Issued by the FDA last week, the Multiple Function Device Products draft guidance is the latest in a series of recent FDA Guidance documents that reflect FDA’s continued efforts to develop a practical and risk-based approach to regulating medical devices and Digital Health and to interpret the medical software provisions in section 3060(a) of the 21st Century Cures Act (Cures Act).
FDA issued the Multiple Function Device Products draft guidance (Draft Guidance) last week. The Draft Guidance describes FDA’s current approach to regulating digital health tools and medical devices that include both medical device functions and non-medical device functions. This document is the latest in a series of recent FDA Guidance documents that reflect FDA’s continued efforts to develop a practical and risk-based approach to regulating medical devices and digital health and to interpret the medical software provisions in section 3060(a) of the 21st Century Cures Act (Cures Act).
The Cures Act excluded certain non-medical software functions from the definition of “device” under the Federal Food, Drug, and Cosmetic Act (FDCA). However, the rapid growth of integrated medical devices, combination products and digital health solutions that combine multiple components and functions has led to confusion regarding the regulatory status and requirements for certain multiple function devices. For example, the Cures Act excludes most Electronic Health Records (EHRs) from medical device requirements. However, many EHRs contain clinical decision support (CDS) and other analytical functions that may be subject to medical device requirements. The Draft Guidance confirms that FDA intends to regulate only those device functions that are subject to premarket review or other medical device requirements in a multiple function device. The agency, however, plans to evaluate and assess the impact of non-device functions on the safety, effectiveness and performance of regulated medical device functions.
The Draft Guidance clarifies that FDA will not regulate functions of a multi-function device where the “other function” (1) does not meet the definition of a device (including non-device software), (2) meets the definition of a device but not is subject to premarket review (e.g., 510(k)-exempt) or (3) meets the definition of a device but is subject to FDA enforcement discretion. “Function” may be synonymous with intended use, or it may be a subset of the intended use of the system as a whole. FDA also uses the term “device function-under-review” to refer to the functions for which FDA is conducting a premarket review. To this end, FDA encourages sponsors to separate the device function-under-review from other functions in the design cycle and related development processes to the extent possible.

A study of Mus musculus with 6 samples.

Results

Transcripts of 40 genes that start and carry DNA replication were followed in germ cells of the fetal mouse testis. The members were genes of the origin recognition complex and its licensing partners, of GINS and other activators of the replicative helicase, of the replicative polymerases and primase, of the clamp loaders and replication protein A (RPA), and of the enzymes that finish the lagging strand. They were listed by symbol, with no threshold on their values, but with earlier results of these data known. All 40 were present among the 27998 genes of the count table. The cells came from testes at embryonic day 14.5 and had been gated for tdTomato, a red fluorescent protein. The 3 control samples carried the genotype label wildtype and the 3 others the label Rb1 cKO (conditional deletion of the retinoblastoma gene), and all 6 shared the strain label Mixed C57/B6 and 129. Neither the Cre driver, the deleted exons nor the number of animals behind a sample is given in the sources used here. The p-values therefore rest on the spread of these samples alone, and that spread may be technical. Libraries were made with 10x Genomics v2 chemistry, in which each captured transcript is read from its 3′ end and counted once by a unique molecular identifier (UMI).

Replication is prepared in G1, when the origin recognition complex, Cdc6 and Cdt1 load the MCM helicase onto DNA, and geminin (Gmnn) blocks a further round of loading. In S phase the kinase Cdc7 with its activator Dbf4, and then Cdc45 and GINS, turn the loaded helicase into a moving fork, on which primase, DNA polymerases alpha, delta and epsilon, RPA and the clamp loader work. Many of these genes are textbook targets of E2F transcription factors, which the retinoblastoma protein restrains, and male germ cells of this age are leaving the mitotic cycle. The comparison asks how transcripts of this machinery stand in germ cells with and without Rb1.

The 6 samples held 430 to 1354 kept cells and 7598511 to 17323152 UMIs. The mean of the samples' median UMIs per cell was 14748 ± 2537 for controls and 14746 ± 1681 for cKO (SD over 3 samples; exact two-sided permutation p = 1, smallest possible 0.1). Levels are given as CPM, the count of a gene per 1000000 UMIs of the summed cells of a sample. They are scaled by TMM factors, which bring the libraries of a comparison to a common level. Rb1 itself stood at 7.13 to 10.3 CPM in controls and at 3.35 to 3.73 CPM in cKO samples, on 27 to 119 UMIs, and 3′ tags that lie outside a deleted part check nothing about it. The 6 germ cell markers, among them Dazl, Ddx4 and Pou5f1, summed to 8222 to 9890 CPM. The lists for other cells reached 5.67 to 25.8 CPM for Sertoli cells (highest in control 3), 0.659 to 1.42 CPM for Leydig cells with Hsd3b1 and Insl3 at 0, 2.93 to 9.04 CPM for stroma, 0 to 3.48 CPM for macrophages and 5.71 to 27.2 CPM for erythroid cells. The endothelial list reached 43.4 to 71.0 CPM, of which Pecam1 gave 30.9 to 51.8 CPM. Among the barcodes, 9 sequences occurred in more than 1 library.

To assess the impact of non-device functions on the function-under-review, FDA plans to consider several factors including, the role of the non-device functions, data inputs and data transfer between regulated and unregulated functions and shared processes such as memory, programming and outputs. The Draft Guidance states, for example, that the non-device function may receive greater scrutiny if it can introduce a hazardous situation or if performance or functionality of the function-under-review depends on the non-device function. Therefore, a premarket submission for a multiple function device should include information about how other functions impact or interact with the function-under-review.
While the Draft Guidance describes a common sense approach to regulating multiple function devices, it raises questions regarding whether and to what extent the function-under-review can truly be separated from other functions. Based on the non-exhaustive list of considerations FDA raises, including shared code, output screens, processing time, memory and system privileges, it seems unlikely that there will be many instances in which FDA is not evaluating the other functions to some degree. FDA’s assessment of the impact and unintended consequences of combining multiple device functions inherently requires a case-by-case, factual evaluation. To assist developers and sponsors in making the initial assessment, FDA provides examples of multiple function devices in Appendix 2 of the Draft Guidance.
Although the Draft Guidance leaves various design, quality and regulatory nuances open to interpretation, it presents a reasonable and useful paradigm for regulating increasingly complex technologies. The public can comment on the Draft Guidance until June 26, 2018.